Roughly 8 out of 10 people suffer from back pain at some point during their lifetime. But while back pain might be the norm, the good news is that it doesn’t have to be that way. By simply adding these tips into your everyday routine, you can not only combat but proactively prevent back pain.
Five tips to combat and prevent back pain:
- Stretch it out (or dare we say try yoga!). The American College of Physicians has begun to urge doctors to prescribe alternative therapies, like exercise, before prescribing drugs to treat lower back pain. Why? Because exercise, specifically yoga exercises, have been medically proven to alleviate pain. You don’t have to be super flexible or a regular yoga practitioner to reap the rewards of yoga. Here are two of go-to yoga poses when back pain starts
- Cat-Cow — Come to a tabletop position, knees stacked under your hips, hands stacked under your shoulders. On your inhale move into cow pose by dropping your belly, gazing up, shoulders draw down your back. On your exhale cat pose, round through your spine, belly button pulls in, press firmly into your hands to stretch out your upper back. Move through cat/cow 3-5 times.
- Supine twist — Lay down on your back and draw your right knee into your chest. Spend a breath or two rocking your knee from side to side to release the hip flexor. Plant your left arm on the mat; shoulder relaxed down. Draw your right knee across your body. Keep your shoulders down as you gently twist towards the left of the room, gaze over your right shoulder. Hold here for a few breaths and then repeat on the opposite side.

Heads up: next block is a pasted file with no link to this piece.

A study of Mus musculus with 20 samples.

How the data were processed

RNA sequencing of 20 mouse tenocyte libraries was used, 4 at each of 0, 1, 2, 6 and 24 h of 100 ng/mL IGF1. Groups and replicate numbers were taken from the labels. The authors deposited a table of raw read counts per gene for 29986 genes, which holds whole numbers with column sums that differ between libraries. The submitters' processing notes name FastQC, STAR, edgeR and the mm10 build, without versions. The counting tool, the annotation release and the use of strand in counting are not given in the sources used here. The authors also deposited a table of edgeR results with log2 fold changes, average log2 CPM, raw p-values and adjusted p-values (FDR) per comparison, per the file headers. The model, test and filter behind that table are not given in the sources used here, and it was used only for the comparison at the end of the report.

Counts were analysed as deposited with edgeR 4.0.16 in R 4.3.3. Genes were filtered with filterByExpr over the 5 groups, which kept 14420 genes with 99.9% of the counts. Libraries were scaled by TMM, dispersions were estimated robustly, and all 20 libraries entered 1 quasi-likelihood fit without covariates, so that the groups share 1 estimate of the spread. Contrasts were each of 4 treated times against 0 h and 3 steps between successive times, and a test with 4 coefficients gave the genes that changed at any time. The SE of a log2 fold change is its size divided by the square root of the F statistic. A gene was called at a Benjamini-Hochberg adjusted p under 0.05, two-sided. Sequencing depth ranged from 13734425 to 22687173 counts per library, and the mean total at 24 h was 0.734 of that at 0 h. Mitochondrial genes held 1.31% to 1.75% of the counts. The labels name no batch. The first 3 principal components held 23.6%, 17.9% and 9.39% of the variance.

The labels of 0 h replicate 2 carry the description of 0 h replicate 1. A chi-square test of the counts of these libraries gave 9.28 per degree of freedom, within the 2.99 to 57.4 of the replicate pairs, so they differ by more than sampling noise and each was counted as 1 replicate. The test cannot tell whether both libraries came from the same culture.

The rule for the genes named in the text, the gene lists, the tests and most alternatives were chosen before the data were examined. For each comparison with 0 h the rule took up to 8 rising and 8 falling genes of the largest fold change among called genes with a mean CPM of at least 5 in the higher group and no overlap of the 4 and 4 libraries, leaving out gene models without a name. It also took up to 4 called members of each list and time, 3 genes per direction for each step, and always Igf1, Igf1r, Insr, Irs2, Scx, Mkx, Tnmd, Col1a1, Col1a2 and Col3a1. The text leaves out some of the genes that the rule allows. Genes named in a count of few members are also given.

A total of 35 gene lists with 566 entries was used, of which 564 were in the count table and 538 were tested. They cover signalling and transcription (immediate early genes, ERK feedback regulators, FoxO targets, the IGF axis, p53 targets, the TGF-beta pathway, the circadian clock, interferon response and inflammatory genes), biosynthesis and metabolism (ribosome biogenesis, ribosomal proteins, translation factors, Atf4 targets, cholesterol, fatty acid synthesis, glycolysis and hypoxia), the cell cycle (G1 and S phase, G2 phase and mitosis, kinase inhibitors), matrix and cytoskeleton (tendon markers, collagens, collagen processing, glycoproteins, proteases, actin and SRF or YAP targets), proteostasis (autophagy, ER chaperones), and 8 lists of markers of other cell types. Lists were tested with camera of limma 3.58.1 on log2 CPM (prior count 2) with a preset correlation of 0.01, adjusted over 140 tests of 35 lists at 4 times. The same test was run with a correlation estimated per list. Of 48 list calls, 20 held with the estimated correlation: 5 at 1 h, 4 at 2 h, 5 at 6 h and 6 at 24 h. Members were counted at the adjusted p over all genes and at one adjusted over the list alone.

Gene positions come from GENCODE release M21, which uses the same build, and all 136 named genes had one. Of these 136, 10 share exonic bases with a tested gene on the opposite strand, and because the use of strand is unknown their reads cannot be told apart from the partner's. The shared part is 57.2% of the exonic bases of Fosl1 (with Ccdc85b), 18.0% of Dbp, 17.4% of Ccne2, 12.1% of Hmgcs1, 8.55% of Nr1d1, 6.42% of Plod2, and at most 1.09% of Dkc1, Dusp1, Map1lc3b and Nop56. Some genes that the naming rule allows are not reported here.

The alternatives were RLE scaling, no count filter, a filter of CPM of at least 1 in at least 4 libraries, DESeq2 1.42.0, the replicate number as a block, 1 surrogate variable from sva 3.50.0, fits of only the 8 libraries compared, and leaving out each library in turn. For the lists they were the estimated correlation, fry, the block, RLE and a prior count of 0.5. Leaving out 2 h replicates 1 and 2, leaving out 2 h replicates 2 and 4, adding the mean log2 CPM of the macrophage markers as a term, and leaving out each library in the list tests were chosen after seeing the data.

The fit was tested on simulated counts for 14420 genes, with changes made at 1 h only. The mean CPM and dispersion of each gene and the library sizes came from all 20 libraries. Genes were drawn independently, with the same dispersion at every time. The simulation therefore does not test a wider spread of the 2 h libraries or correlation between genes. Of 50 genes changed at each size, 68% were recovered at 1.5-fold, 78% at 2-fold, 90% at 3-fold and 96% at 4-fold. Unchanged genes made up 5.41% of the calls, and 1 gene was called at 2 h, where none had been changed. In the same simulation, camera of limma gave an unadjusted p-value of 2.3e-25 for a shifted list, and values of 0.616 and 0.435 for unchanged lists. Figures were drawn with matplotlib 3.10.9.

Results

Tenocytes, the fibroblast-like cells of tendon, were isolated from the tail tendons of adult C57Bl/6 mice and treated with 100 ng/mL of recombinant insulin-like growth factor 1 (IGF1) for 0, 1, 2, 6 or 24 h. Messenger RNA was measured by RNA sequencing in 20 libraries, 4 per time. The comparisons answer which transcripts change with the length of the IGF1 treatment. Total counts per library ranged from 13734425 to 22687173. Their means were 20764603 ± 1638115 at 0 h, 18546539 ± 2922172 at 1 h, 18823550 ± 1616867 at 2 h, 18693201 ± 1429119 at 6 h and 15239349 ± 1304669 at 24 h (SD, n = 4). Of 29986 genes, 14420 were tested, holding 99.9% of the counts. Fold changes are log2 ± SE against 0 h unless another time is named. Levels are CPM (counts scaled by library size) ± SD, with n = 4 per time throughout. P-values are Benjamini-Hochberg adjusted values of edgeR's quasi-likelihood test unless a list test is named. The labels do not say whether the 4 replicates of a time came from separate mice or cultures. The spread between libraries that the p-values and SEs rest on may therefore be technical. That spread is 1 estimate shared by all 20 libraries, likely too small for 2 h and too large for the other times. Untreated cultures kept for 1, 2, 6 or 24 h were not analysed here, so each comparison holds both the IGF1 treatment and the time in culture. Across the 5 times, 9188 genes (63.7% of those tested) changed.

- Strengthen your core, but skip the sit-ups. You need a strong core to support and protect your spine, but traditional sit-ups can take a toll on your back and in turn cause more pain. Thankfully there are plenty of other options to build core strength. Forearm plank, straight-arm plank, and side plank are all great postures you can hold that build strength in both your abdominals and lower back muscles. If you’re looking for something more intense, you can kick it up a notch with plank exercises like plank jacks, side plank hip dips, and mountain climbers.
- Try not to cross your legs as much. Crossing your legs puts stress on your lower spine and hips. Sitting up straight with your feet firmly planted on the ground is a quick and easy way to give your back a break. If your feet don’t comfortably reach the ground, grab a block, stool, or something sturdy to place under your feet. You’ll instantly notice the difference. (Go ahead, try it right now! You know your grade school teacher would be so proud.)
- Get up and move! Movement does the body good. Fifty-four percent of people who suffer from lower back pain sit at a desk all day. If you’re hunched over your computer working, get up and move around. If you’re someone whose job requires them to spend time on their feet all day, take care of yourself by stretching throughout the day. Legs up the wall and sphinx pose are two amazing yoga poses that will help alleviate the tension and stress built up after spending a long day sitting or standing.
- Support yourself while you sleep. A bad body position or poor mattress can take a serious toll on your spine. The goal is to neutralize your spine when you sleep so you can wake up feeling refreshed and rejuvenated. A pillow can easily help you find a comfortable, neutral position throughout the night. For all the side sleepers out there, place the pillow between your knees and for all the back sleepers out there, position the pillow under your knees. If you tend to sleep on your stomach, try changing it up. When you sleep on your stomach, it causes your head and neck to twist, which in turn places stress on your upper back and spine.
If you suffer from back pain or want to prevent that achy, stiff feeling at the end of the day, try adding some of these tips into your everyday routine. Do you have something that works for you? Let us know so we can share with the BurnAlong community.